Breyer, Known for Zany Hypotheticals, Considers Hungry Racoons and Pet Oysters
Justice Antonin Scalia is known for his sarcasm during oral arguments and Ruth Bader Ginsburg for her attention to details. But no U.S. Supreme Court justice can compete with Justice Stephen G. Breyer’s unusual questions on everything from hungry raccoons to mutated ”tomato children.”
“The 69-year-old Breyer is the court’s most frequent practitioner of the hypothetical question, a conjurer of images that are unusual and occasionally bizarre,” the Associated Press reports.
Breyer taught antitrust law at Harvard University, and his penchant for engaging hypotheticals could be a throwback to his professor days when he had to “keep a bunch of 22-to-25-year-olds entertained and interested,” Roy Englert, a Supreme Court lawyer who took his class, told AP.
The story quotes these Breyer hypotheticals:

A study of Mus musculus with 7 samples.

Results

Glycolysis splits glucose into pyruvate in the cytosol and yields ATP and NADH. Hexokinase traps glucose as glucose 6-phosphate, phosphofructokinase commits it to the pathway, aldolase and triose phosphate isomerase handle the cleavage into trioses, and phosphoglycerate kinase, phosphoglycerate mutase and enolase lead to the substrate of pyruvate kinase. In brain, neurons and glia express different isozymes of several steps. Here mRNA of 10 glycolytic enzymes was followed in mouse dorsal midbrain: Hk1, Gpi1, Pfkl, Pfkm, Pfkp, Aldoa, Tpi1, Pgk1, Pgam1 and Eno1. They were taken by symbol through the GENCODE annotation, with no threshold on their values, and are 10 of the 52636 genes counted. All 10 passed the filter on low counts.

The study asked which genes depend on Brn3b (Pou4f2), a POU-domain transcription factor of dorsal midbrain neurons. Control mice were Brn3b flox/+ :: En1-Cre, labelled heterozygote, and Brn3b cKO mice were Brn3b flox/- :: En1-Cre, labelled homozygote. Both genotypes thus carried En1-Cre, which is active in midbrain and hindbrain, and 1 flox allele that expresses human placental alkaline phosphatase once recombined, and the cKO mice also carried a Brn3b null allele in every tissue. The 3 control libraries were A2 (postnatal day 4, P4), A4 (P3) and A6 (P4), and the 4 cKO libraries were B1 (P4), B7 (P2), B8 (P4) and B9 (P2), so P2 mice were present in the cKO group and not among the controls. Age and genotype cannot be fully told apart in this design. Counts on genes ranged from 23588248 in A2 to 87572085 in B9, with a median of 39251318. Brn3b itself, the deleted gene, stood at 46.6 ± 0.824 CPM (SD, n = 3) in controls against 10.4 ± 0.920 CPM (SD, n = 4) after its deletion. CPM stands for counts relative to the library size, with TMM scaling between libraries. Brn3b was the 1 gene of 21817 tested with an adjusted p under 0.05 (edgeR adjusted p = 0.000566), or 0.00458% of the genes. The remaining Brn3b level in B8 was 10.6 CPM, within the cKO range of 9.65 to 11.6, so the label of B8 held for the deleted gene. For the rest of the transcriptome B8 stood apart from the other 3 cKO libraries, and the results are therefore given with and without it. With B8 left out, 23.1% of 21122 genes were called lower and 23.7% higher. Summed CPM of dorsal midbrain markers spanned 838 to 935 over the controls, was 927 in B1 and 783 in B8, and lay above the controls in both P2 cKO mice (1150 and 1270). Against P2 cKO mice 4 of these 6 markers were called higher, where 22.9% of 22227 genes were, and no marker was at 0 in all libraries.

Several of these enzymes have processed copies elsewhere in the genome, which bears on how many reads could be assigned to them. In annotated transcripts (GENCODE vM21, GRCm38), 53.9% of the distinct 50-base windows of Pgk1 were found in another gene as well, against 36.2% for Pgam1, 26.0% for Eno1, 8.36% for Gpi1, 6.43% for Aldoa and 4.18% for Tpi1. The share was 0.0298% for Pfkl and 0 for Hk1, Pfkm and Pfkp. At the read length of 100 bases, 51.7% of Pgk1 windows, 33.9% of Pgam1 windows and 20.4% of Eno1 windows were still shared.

In a patent dispute over a gas pedal: ”Now to me, I grant you I’m not an expert, but it looks at about the same level as I have a sensor on my garage door at the lower hinge for when the car is coming in and out, and the raccoons are eating it. So I think of the brainstorm of putting it on the upper hinge, OK? Now I just think that how could I get a patent for that?”
In the government’s interest in marijuana growers: “You know, he grows heroin, cocaine, tomatoes that are going to have genomes in them that could, at some point, lead to tomato children that will eventually affect Boston.”
In a case on statutory construction: ”No animals in the park doesn’t necessarily apply to a pet oyster, OK.”
Another hypothetical on bicycle pedals concerns limits on patent holders’ ability to demand license fees from multiple companies in a manufacturing process: “These are fabulous pedals. The inventor has licensed somebody to make them, and he sold them to the shop. I start pedaling down the road. Now, we don’t want 19 patent inspectors chasing me.”